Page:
Posted By: In: Hurricane Preparedness
Date: Wed, Sep 14th 2016 11:38 am

As a life long resident of Charleston, South Carolina, the word hurricane still excites some nervousness in my mind, even though I have seen my fair share. I can still remember the destruction of Hurricane Hugo and the devastation it caused my city almost 30 years ago. In more recent times, Hurricane Katrina still rings horrific tragedy in so many lives, and people say to themselves so often in these situations, "if we had only been prepared". You do not want to find yourself in the unfortunate situation of the lesser prepared, and here are some of the best ways to stay abreast of the hurricane essentials.

First of all, what is the difference between a tropical storm and a hurricane? A tropical storm is an organized system of strong thunderstorms with a defined circulation and maximum sustained winds of 39 to 73 MPH. A hurricane is an intense topical weather system with a well defined circulation and maximum sustained winds of 74 MPH or higher.

Know the difference between watches and warnings. In today's technology and news and emergency warnings and watches are readily available but it is up to the individual to know the difference and be prepared. A watch is an announcement atha hurricane conditions are possible within the specified areas. When watches are issued it is imperative that preparations begin immediately because winds will incur soon after. This is why these watches are given 48 hours in advance. Many people are fooled by the "calm before the storm". A hurricane warning is an announcement that tropical storm conditions are expected within the specified area. Again, winds will make these preparations very difficult to accomplish once the wind starts. These Watches are issued 36 hours in advance of the anticipated onset of the storm force winds.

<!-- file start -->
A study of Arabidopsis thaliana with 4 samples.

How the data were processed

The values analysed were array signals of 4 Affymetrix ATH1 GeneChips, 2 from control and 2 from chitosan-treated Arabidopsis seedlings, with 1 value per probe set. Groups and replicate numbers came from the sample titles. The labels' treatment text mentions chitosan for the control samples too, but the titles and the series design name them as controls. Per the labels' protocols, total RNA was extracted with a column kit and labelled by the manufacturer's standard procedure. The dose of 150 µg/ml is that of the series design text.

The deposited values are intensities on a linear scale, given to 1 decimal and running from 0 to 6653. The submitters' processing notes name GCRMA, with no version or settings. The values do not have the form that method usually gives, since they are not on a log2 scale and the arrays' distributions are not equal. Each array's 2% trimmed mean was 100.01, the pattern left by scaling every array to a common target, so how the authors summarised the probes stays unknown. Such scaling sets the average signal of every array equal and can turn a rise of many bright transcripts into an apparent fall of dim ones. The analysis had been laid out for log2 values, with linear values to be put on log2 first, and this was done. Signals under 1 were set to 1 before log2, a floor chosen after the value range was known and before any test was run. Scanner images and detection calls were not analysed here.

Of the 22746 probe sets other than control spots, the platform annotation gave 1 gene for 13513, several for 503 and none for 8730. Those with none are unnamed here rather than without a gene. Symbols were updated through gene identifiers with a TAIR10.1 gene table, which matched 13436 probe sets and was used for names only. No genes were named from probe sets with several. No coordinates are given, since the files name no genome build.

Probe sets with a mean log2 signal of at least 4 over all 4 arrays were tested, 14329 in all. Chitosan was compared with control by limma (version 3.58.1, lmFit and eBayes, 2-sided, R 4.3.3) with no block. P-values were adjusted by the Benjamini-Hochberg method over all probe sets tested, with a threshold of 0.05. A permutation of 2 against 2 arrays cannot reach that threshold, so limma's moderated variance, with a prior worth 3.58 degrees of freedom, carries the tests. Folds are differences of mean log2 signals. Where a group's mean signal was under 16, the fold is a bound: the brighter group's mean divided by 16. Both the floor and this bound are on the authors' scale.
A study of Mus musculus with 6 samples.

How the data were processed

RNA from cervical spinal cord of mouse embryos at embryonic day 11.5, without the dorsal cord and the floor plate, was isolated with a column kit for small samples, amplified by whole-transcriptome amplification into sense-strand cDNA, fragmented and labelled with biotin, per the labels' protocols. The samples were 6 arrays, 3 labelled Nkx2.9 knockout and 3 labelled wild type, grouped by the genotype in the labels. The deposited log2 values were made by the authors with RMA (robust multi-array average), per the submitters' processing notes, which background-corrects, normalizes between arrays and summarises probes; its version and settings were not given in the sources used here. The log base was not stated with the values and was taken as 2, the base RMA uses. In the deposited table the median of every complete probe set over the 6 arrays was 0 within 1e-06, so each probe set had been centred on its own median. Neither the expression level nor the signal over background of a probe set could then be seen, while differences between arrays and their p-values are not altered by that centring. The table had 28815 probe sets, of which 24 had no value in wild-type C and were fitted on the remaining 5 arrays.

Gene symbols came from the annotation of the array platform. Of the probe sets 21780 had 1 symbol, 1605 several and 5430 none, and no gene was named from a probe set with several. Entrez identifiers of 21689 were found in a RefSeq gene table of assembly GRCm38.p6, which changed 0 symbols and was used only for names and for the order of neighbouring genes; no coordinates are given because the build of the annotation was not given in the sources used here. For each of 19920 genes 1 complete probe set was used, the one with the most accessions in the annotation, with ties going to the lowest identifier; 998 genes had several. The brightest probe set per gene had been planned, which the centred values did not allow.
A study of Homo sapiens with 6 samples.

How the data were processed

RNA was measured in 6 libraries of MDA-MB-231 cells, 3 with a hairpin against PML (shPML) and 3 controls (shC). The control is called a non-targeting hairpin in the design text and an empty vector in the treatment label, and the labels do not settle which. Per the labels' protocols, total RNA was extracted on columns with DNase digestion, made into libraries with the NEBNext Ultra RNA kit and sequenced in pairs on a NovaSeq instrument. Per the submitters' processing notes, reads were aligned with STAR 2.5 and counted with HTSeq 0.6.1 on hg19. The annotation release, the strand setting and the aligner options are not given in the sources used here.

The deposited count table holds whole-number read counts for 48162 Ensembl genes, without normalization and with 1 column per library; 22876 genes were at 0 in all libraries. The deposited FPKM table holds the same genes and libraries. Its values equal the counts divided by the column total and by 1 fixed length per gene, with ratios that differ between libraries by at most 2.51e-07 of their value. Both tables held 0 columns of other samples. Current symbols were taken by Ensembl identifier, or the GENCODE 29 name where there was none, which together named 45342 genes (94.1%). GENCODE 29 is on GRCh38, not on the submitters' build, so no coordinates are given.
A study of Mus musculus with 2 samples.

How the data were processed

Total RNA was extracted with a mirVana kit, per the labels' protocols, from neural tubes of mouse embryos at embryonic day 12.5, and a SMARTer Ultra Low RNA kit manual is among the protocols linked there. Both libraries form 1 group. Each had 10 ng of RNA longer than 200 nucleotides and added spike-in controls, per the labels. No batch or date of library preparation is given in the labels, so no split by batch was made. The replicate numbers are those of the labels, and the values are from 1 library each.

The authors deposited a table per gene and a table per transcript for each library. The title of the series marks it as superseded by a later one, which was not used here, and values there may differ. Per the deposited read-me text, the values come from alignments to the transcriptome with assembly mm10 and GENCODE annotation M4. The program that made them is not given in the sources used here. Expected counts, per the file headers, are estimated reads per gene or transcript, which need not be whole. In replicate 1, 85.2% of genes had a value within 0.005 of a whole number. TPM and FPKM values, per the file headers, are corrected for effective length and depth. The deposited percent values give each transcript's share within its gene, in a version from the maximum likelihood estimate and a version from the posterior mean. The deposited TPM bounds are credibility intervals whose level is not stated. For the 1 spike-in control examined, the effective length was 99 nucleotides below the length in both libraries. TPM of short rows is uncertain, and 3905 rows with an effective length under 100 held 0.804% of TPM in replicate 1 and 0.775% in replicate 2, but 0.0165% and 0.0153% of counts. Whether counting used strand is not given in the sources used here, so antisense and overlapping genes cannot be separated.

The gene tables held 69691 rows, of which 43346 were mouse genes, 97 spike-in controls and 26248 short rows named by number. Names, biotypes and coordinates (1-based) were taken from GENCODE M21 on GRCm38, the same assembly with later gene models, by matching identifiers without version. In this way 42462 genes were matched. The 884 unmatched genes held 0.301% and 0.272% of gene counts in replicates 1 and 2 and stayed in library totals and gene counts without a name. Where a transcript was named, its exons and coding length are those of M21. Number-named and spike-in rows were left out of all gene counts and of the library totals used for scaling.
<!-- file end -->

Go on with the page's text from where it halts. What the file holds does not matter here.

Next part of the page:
Most people that live in the Lowcountry are familiar with the thousand year flood that happened last October that was due to a tropical storm. It left the Lowcountry to Columbia under thousands of gallons of water, which was not anticipated at all. So because of that, many residents have taken out additional flood insurance policies and preparations for flooding such as sandbags. In the lower lying regions, you will see sandbags lining property lines or doorways to try and keep water out of the thresholds. 

You absolutely MUST know your evacuation route. Even if your plan is to stay and hold down your house, conditions could get so bad that you may need to evacuate for the safety of your family. During the tropical storm last year that lead to the thousand year flood, some people had flooding up to their roof lines. There was no choice but evacuations. Please know your evacuation route, plan and have your car gassed, with an extra tank in case of scarcity. I can not stress this enough. It could mean life or death. 

Lastly, make sure you have on hand all essential items such as non-perishable food items, water, batteries, weather radio and make sure to fill your bathtubs up with water to flush toilets and bathe should the water lines go down and conditions get compromised. Canned foods are incredibly important if power lines go down and refrigerated food goes bad. Also, bottled water, a gallon a day, per person for a week is recommended. Of course that seems like a lot but if a situation ever arises that you should ever need it, you will be thankful that you were prepared.  

Hurricanes are serious storms that can take lives and devastate communities. They should always be taken seriously and with the utmost regard to detail. If it passes you by with a little rain, you have many things to be thankful for and you will be prepared for the next storm!